Page 1586 - Week 05 - Thursday, 2 June 2022


MR STEEL: I will have to take that on notice. I expect there will be a very extensive list of parks that on there. I am happy to dig out that level of information. As I said I do not think it is necessarily a systemic issue. It is something that has arisen as a result of a change in custodianship.

LGBTIQ+ community—federal government

MS ORR: My question is to the Chief Minister. Chief Minister, the ACT has led the nation in many areas of reform for LGBTIQ+ Canberrans. How will the change of federal government lead to further opportunity for reform in this area?

MR BARR: I thank Ms Orr for the question. I think there are a range of areas where we can collaborate with the commonwealth to achieve further progress for LGBTIQ+ Canberrans. Some of those examples include following the ACT’s lead on legislating discrimination protections for LGBTI children and staff in education institutions. I think there is an opportunity to get a nationally consistent approach, looking at the ACT legislation as a potential template.

I think we can work together to improve access to gender-affirming care under Medicare for trans and gender-diverse Australians. I think we can work together to review and reform documentation requirements, including the use of passports and birth certificates as they affect trans and intersex communities. Importantly, also, we can look forward to the end of the culture wars and the attempts to use the LGBTIQ+ community—politically the trans community—as a political wedge, as we saw in the last federal campaign. It was all about creating division in the community—unnecessary division. I hope we will see that ugly chapter of Australian politics closed, and the door slammed shut on that forever—forever!—because those communities feel it so much, and they do not deserve to be used as political wedges.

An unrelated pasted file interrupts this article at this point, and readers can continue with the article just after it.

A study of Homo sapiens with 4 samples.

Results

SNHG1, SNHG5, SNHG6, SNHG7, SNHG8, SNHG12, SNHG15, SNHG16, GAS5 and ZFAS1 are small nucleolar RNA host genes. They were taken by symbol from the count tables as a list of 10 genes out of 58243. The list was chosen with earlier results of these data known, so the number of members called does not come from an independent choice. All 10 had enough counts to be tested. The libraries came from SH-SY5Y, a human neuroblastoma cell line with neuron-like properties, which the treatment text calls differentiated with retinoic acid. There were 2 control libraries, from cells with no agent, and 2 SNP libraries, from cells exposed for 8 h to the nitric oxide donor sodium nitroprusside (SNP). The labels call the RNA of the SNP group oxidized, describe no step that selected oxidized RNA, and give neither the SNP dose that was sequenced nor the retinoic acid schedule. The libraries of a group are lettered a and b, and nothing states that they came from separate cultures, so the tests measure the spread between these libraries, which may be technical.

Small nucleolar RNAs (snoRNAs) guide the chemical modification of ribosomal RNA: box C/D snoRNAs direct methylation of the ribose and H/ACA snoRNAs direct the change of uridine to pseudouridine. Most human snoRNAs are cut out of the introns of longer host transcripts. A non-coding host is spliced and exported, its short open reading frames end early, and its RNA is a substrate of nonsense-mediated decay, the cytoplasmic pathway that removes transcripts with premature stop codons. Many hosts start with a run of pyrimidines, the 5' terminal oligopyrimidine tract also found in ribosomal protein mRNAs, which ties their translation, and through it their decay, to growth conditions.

MS ORR: Chief Minister, how did this divisive debate around trans kids and religious discrimination affect our community and the election outcome?

MR BARR: It is clear the people felt quite intensely that their lives and their personal circumstances were the subject of wedge politics with desire to run a particular debate with one candidate in one seat, who was never going to win, in order to try and shift votes, presumably under the assumption that the Australian people would buy into that sort of hatred. I think we can draw a conclusion from the failure of that political strategy, and hopefully it will never, ever be used again.

That was combined with what was a prolonged debate during the last federal parliamentary term over the Morrison government’s religious discrimination bill and the lead-up to the vote that was held. I want to acknowledge the courage of those Liberal MPs who crossed the floor to stop it happening. That took great courage, and I hope that we never again, as a nation, have to go through that ugly debate. Again, it was all about driving a political wedge of difference in the community.